Stakes high ahead of Xi-Obama summit
Updated: 2013-06-08 01:26
By ZHU ZHE in Ontario, CHEN WEIHUA in Washington, and ZHANG CHUNYAN in London (China Daily)
Candor between China, US leaders expected at estate retreat meetings
The leaders of the world's two largest economies will look to develop their relations as they discuss a wide range of high-stakes issues at a retreat in southern California.
President Xi Jinping and his wife Peng Liyuan arrive in California on Thursday. LAN HONGGUANG / XINHUA
President Xi Jinping's plane touched down on Thursday night at Ontario International Airport, about 130 km northwest of the Sunnylands retreat, venue for the summit with US President Barack Obama.
Xi has completed a weeklong trip to three Latin American and Caribbean nations.
It will be the first meeting between the leaders since Xi took office in March and Obama began his second term in January.
They were scheduled to meet for several hours on Friday, followed by a private dinner. The talks will continue on Saturday morning before ending at noon.
Observers said the laid-back meetings will allow more scope for pragmatic conversation and candor. This will help build personal rapport and set a positive tone in developing a new type of major power relations and solving specific issues including economic and security problems.
Sources have said the summit has been discussed for some time. Initially, the earliest possible meeting for Xi and Obama would have been on the sidelines of the G20 Summit in Russia in September but both sides saw a need to advance the schedule.
Ruan Zongze, vice-president of the China Institute of International Studies, said that in agreeing to the unprecedented format for the meetings, Beijing has sent an important signal to Washington — it wants to engage.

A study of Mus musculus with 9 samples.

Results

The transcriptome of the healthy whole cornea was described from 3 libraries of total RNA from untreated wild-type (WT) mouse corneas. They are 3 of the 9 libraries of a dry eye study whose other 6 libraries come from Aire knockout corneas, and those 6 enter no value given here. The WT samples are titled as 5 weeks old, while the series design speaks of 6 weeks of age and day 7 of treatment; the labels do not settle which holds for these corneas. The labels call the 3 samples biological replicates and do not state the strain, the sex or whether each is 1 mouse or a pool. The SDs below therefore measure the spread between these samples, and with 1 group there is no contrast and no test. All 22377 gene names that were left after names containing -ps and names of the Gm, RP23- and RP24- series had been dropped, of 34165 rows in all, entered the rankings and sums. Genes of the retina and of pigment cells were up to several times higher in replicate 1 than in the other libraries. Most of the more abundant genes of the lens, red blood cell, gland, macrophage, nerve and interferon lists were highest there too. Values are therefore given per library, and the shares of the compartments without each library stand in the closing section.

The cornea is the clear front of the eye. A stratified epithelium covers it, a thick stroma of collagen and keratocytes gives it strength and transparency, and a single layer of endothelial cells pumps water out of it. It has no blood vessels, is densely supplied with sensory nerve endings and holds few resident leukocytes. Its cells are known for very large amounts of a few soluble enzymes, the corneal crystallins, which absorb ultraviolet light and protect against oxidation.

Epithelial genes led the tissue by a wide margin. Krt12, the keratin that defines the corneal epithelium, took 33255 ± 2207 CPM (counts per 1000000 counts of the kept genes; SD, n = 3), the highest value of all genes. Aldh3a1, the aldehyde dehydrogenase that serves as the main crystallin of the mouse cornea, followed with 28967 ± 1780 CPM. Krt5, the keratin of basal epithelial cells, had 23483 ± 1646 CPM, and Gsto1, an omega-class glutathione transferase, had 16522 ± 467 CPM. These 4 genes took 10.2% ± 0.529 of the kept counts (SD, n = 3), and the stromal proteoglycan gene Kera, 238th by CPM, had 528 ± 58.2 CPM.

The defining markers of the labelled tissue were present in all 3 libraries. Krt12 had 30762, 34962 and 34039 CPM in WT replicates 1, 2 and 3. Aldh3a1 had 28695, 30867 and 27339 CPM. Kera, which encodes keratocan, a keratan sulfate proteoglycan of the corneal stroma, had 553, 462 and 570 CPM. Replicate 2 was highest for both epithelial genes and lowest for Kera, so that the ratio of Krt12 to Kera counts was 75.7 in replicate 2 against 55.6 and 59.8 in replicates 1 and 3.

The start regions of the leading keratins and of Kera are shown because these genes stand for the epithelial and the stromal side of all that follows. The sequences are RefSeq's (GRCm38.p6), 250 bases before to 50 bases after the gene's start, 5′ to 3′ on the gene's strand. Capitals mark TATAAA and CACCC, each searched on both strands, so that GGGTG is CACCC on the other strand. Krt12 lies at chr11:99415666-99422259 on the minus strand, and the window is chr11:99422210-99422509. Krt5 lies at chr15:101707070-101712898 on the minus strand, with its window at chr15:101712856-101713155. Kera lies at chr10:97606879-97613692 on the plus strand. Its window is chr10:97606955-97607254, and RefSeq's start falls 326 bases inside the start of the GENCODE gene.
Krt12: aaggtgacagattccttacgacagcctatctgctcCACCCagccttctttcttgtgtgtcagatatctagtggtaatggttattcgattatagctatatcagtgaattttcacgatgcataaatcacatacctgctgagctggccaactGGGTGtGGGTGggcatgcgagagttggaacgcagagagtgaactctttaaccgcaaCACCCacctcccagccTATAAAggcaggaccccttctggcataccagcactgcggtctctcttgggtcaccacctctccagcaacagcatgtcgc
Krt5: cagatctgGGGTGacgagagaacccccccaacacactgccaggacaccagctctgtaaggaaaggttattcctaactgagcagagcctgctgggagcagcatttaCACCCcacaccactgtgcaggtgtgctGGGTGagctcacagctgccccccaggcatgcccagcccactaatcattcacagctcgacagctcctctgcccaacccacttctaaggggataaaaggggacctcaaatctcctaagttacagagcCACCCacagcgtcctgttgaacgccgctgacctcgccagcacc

"It is not the first time that Xi and Obama will have communicated with each other face to face, so what matters more than the format of the meetings is how both sides will map out the future of their relations," he said.
A White House official, speaking on condition of anonymity, stressed that Obama "invested a lot" in getting to know Xi when Xi visisted Washington, Los Angeles and Muscatine, Iowa, as vice-president in February last year.
Orville Schell, director of the Center on US-China Relations at the Asia Society, is hopeful that the practical attitude shown by Beijing and Washington in choosing the summit venue will help clear many hurdles that up to now made it difficult to achieve closer relations.
Xi and Obama are also expected to discuss building a new type of major power relationship, a topic put forward by the Chinese president. US leaders have welcomed the proposal, interpreting it as an effort to avoid the kind of rivalry between a rising power and an established power.
Jin Canrong, a professor in US studies at Renmin University of China, said China and the United States will not necessarily repeat history's "ruinous pattern" between a rising country and an established leading power.
Their economic interdependence, variety of official and public exchange channels, and high level of cultural tolerance have been unprecedented in history and can lay the foundations for an accommodative peace, he said.
Jim Wunderman, president and CEO of the Bay Area Council, a business-backed public policy organization in the San Francisco-Oakland-Silicon Valley area, said, "There are so many constructive things to do together and we think it is a new step that defiantly improves the engagement between China and the US."
However, many analysts believe the distrust between the two nations has deepened in recent years. China is concerned about the US "pivot to Asia" and feels it is being treated unfairly in the US in terms of investment, while Washington worries that a rising China will supplant its dominance in Asia and the world.
Recent US allegations of Chinese government involvement in cyberattacks have further fueled public suspicion of China. Beijing has denied these allegations.
Ann Lee, an adjunct professor at New York University and author of the book What the US Can Learn from China, said cybersecurity is being used as a smokescreen for more important discussions about geopolitical issues.
Yao Shujie, head of the School of Contemporary Chinese Studies at the University of Nottingham in the UK, said it is hard to avoid some friction between China and the US in the future, but a lack of cooperation and strategic trust will be bad for the two countries, the world economy and international peace.
Zhao Shengnan in Beijing, Chen Jia and Wang Jun in Los Angeles contributed to this story.